DAB sales are down - should we panic?
Ofcom releases a new digital radio report, and sales of radio receivers are down in the UK. What should we do about it?
Ofcom, the UK media regulator, has published its Digital Radio Report for 2014.
The media has seized on the following point from the summary:
Compared to Q2 2013, sales of DAB digital radio sets were down by 9.1%, with 1.7 million being sold in the year to Q2 2014. Total radio sales were down by 11.3% over the same period. DAB sales continue to represent around a third of all radio set sales.
"DAB sales down 9.1%" says Music Week, reflecting the spin that the media's putting on all of this.
The real concern here isn't that DAB set sales are down: it's that all radio set sales are down. DAB is outperforming total radio; but if radio receiver sales are down by 11.3% - in an economy generally felt to be improving - isn't that more a cause for concern?
Of course, you don't need to purchase a new radio receiver to continue listening to the radio. RAJAR doesn't show a material dip in radio listening, and radio listening isn't down by 11.3% year-on-year.
Perhaps the story here is that radio receivers, by and large, have dreadful user-interfaces. They're not products you show off to others, either: they hide in your bedroom or your kitchen, not in your front room.
But perhaps, too, the story is that radio broadcasters don't appear to care about radio receivers. There's a good comparison to be made here with TV.
Your Sky box doesn't ask whether you want to watch Astra or Eutelsat; doesn't ask you whether you want SD or HD; doesn't ask you whether you want FTA, FTV or subscription... it just gives you a list of channels. My YouView box puts antenna-delivered and IP-delivered TV channels together in the same EPG: nobody knows nor cares how the TV is getting to them.
Perhaps the decline of radio receiver sales is a wake-up call to radio broadcasters: to work with radio receiver manufacturers to make radio better. The technology is there: RadioDNS and now the Radioplayer's newly-announced in-car product both highlight that the industry is thinking about it - but when will we see better receivers: and would that buck the trend? I'd be interested in your comments.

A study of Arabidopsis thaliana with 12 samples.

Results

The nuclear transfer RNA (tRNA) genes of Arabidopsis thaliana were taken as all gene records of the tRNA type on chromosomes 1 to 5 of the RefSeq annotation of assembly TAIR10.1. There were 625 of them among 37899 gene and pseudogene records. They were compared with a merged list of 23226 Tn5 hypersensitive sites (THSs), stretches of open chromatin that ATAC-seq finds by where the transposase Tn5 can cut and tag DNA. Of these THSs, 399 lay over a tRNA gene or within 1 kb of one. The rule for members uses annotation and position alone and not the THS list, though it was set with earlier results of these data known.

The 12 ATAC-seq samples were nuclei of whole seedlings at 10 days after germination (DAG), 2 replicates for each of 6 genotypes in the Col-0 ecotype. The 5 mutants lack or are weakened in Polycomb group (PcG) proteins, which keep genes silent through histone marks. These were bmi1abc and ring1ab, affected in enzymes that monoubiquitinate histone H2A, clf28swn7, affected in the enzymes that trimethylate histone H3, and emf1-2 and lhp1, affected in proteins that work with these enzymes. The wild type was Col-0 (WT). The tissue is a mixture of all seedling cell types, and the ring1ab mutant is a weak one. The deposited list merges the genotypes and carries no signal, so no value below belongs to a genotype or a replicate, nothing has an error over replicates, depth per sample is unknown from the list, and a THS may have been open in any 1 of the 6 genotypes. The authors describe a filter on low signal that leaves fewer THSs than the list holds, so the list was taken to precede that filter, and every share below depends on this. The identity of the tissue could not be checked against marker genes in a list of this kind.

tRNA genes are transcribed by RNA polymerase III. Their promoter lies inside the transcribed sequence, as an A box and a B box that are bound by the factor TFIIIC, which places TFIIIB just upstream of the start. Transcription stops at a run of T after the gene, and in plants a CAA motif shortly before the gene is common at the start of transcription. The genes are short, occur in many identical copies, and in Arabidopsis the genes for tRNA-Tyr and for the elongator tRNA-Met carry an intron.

Ofcom has today published its Digital Radio Report for 2014. This annual report covers availability, take-up, listening patterns and attitudes towards digital radio.
The report, which was requested by Government in 2010 as part of the Digital Radio Action Plan, shows that over a third (36.3%) of all hours of radio listened to were on a digital platform in the year to the end of June 2014. This is an increase of 2.4 percentage points on the previous year, and an increase of 10.4 percentage points since 2011.
The proportion of people who said they owned a digital audio broadcasting (DAB) radio set was 48.5% in the second quarter of 2014 (April – June), up from 45.7% in the previous year. Ownership varies across the UK, ranging from 58.1% in Cambridgeshire and Peterborough to 26.7% in Northern Ireland.
Around 1.7 million digital radio sets were sold in the year to the end of June 2014, making up over a third (36.2%) of all radio sets sold. While there has been a drop in sales of digital radio sets (down 9.1%), this reflects an overall decrease in radio set sales (down 11.3%).
The number of new cars in the UK fitted with a digital radio as standard has increased over the last year. More than half of new cars (54.8%) were supplied with digital radio installed in the second quarter of 2014, compared to 38.3% during the same period of 2013.
The coverage of digital radio has increased, with the BBC’s national DAB multiplex covering 95% of homes and the national commercial digital multiplex covering 90%. Local DAB multiplexes are estimated to cover 73% of households.
I was an early convertor to DAB when it came to my home county of Ayrshire in 2002. Two DAB tuners were purchased for the house and by 2003/4, the cars also got kitted out. Although it was a bit of a Cinderella service back then, DAB choice was quite exciting with channels received including 'Prime Time', 'Saga' regional radio, 'Planet Rock', 'The Storm' and even 'OneWord' with its programme of stories and drama like The Pocket Shakespeare.
DAB was a bit like ONDIGITAL in its infancy with real extended choice and like ONDIGITAL in its later stage, DAB eventually lost its gleam with axed radio services, degrading choice and channels then popping up with dragon fly life spans! The audio also suffered with 112 kbps stereo music stations while other music stations were demoted to mono, giving an impression the DAB industry is treating their listeners with contempt and actually insulting them with mid fidelity output.
The DAB critics were ignored and some broadcasters called them geeks and now the chickens are coming back to roost. Poor old DAB, is it still classed as a cinderella service?
The people listening to commercial radio locally still tune in to Westsound on 1035kHz, not many listeners are tuning to DAB.
I am in my 60s and have since purchased internet radio sets which include integrated DAB tuners for back up. In essence, I am now treating DAB as a new form of AM. Not a brilliant sales pitch for good old DAB!